The popularity of pet cloning has grown in recent years, as the technology becomes more accessible and cost comes down, but the practice remains ethically controversial and many who chose to clone, can face a backlash.
Would you clone your dog?
Cloning was once reserved for livestock, but it’s popularity and accessibility has grown among dog and cat owners. But the practice remains controversial, and some say unethical.
When Dolly the Sheep was cloned in 1996, she became the first mammal to be cloned from an adult somatic cell, using the process of nuclear transfer. It was a major turning point in science.
But dogs were much harder to clone because of the differences in the canine reproductive process.
So, when Snuppy, the Afghan Hound puppy, was successfully born in 2005 and named Time Magazine’s Invention of the Year, it was clear this was the start of something big.
Now ViaGen Pets and Equine in Texas is among a limited number of companies worldwide able to clone dogs, cats and horses for pet owners. While detractors disagree with cloning for a range of reasons, those who have done it, including Barbra Streisand, are thrilled with the result and are delighted to have a piece of their beloved dog who provided the cells to make the clone possible.
In this episode, we take a deep dive into the world of cloning to understand why people choose to clone, and why those against it call it the canine version of A Handmaid’s Tale.
About Melain Rodriguez, ViaGen Pets
Melain has been a member of the ViaGen Pets and Equine team since 2008, having started as a Cell Culture Associate. Since 2009 she has served as the Client Service Manager. Melain received her B.S. in Animal Science from the University of Arkansas. She has a diverse background in biochemistry and molecular biology and has worked in research laboratories at the University of Arkansas for Medical Sciences and the University of California, San Diego. Melain loves being around all types of animals. She is a doting pet parent to one dog, two cats and two chickens.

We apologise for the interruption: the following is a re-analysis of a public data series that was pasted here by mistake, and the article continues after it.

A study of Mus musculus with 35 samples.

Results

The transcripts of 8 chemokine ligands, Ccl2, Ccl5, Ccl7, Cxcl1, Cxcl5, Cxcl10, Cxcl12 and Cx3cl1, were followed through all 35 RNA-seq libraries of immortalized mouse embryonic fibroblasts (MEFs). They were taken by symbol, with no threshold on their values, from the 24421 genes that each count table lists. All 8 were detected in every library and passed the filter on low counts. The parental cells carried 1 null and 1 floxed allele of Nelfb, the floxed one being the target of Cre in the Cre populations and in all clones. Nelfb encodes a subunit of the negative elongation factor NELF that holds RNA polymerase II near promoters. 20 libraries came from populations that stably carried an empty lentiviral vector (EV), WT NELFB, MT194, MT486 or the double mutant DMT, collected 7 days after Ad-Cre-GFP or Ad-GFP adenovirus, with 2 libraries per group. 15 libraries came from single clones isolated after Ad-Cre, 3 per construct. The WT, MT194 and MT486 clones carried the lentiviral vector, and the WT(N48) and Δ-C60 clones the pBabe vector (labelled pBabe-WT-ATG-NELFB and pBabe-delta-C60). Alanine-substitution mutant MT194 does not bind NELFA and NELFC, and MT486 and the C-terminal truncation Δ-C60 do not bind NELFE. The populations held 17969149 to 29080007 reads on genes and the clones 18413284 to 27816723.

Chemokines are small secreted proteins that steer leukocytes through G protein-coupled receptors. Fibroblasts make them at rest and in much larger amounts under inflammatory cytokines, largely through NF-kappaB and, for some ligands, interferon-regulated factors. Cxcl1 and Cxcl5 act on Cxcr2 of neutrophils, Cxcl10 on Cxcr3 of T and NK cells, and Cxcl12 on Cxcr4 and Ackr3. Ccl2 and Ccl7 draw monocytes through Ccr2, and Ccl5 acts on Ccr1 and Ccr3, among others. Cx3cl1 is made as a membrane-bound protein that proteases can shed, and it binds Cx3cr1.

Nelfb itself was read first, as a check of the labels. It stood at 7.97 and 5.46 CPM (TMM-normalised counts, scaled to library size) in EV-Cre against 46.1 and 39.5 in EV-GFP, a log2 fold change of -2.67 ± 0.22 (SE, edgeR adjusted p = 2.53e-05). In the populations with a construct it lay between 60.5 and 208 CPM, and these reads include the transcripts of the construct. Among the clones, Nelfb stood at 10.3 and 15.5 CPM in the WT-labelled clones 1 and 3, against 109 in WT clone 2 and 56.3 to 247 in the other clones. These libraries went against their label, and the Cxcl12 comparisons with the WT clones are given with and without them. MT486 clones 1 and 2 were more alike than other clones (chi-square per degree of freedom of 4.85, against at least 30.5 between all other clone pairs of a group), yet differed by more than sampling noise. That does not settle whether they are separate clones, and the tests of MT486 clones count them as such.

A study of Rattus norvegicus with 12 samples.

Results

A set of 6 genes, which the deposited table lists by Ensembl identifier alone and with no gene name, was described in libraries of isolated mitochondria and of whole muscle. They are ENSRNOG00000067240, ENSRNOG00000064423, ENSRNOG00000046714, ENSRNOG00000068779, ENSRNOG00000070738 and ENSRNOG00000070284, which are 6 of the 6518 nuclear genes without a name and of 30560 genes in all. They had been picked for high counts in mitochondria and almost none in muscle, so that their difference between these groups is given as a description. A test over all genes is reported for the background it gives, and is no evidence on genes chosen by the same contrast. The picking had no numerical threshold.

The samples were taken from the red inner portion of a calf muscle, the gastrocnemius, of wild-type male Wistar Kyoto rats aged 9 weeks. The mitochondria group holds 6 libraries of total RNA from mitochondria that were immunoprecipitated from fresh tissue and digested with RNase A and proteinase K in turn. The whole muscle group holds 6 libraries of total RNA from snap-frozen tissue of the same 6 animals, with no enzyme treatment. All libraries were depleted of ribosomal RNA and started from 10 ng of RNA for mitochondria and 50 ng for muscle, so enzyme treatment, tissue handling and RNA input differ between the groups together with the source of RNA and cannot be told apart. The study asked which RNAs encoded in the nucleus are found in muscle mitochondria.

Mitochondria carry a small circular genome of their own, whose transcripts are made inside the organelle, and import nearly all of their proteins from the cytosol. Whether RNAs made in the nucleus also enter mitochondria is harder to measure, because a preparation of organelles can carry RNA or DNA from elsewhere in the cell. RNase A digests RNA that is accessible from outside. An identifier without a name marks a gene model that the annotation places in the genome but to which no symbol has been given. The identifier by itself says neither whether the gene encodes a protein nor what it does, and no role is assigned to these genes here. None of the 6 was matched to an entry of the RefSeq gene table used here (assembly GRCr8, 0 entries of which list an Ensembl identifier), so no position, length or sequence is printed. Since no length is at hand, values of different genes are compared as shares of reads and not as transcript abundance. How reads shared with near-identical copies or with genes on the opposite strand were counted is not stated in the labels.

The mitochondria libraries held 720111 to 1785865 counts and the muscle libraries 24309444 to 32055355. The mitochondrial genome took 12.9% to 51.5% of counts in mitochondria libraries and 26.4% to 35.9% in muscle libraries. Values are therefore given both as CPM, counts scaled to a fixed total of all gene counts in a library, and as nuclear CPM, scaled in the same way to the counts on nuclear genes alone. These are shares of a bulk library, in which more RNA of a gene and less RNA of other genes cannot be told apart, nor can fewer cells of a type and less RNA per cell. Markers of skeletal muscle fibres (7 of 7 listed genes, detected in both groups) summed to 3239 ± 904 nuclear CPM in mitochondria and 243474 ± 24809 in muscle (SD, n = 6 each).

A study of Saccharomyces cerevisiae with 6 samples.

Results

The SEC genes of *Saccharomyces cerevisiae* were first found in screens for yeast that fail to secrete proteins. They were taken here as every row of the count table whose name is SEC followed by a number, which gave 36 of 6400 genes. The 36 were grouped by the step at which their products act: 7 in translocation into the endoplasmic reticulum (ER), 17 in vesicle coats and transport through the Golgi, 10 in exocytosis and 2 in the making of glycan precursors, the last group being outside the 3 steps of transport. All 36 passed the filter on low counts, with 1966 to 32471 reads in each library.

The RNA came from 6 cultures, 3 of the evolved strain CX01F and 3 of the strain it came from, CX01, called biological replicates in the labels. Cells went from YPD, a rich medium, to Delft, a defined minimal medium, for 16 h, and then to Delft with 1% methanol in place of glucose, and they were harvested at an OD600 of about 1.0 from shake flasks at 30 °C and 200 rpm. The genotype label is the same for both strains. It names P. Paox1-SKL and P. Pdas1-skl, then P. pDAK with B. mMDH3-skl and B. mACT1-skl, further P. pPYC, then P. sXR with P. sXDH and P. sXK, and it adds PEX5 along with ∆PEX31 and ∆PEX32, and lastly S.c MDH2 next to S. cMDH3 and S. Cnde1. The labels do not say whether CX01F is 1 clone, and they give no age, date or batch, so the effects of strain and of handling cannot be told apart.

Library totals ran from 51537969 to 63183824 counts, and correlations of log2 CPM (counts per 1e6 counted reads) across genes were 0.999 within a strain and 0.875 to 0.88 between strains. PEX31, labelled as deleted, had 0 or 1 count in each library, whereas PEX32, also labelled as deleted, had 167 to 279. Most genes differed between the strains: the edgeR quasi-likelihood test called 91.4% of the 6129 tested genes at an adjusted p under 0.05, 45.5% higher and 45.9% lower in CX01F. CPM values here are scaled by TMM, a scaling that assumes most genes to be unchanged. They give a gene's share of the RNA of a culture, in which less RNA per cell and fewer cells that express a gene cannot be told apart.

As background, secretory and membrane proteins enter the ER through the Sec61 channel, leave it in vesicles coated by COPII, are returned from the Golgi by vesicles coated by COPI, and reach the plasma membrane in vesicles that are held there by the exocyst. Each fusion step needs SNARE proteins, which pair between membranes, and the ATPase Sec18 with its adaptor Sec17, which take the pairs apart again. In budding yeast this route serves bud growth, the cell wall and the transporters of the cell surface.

ViaGen Pets https://www.viagenpets.com/
About Jessica Pierce, Bioethicist
As a bioethicist, Jessica Pierce’s research and writing focuses broadly on ethical issues that arise in the biological and biomedical sciences. Much of her early work was centered on interconnections between health, health care, and ecosystems. More recently, she has concentrated on human-animal relationships, particularly the obligations that arise in caring for and living well with companion animals. Jessica’s books and articles explore, among other things, hospice and palliative medicine for aging and ill animals, the promise and peril of animal welfare science, and how to give companion animals the best possible care.
Client Service Manager
ViaGen Pets and Equine is the globally recognized leader in pet genetic preservation and cloning services for canine, feline and equine.
ViaGen Pets and Equine provides services for those who want reassurance that their beloved animal will never be lost to time. Genetic preservation and storage may be helpful for accessing current therapies and advanced diagnostics, and future therapeutic options that don't yet exist. Beyond this, genetic preservation with ViaGen Pets and Equine is the first important step necessary providing you peace of mind should you choose the clone now or down the road.
Bioethicist Dr. Jessica Pierce has been writing and teaching about the moral contours of human-animal relationships and environmental sustainability for over 20 years and is a leading scholar in environmental bioethics. She has published 11 books, including A Dog’s World: Imagining the Lives of Dogs in a World Without People, The Last Walk and Run: Reflections on Our Pets at the Ends of Their Lives, and Spot, Run: The Ethics of Keeping Pets, as well as hundreds of scholarly and popular articles. She is passionate about the possibilities for peaceful co-existence between humans and the many other forms of life with which we share the planet. Her Psychology Today blog, All Dogs Go To Heaven, can be found here: https://www.psychologytoday.com/us/blog/all-dogs-go-heaven.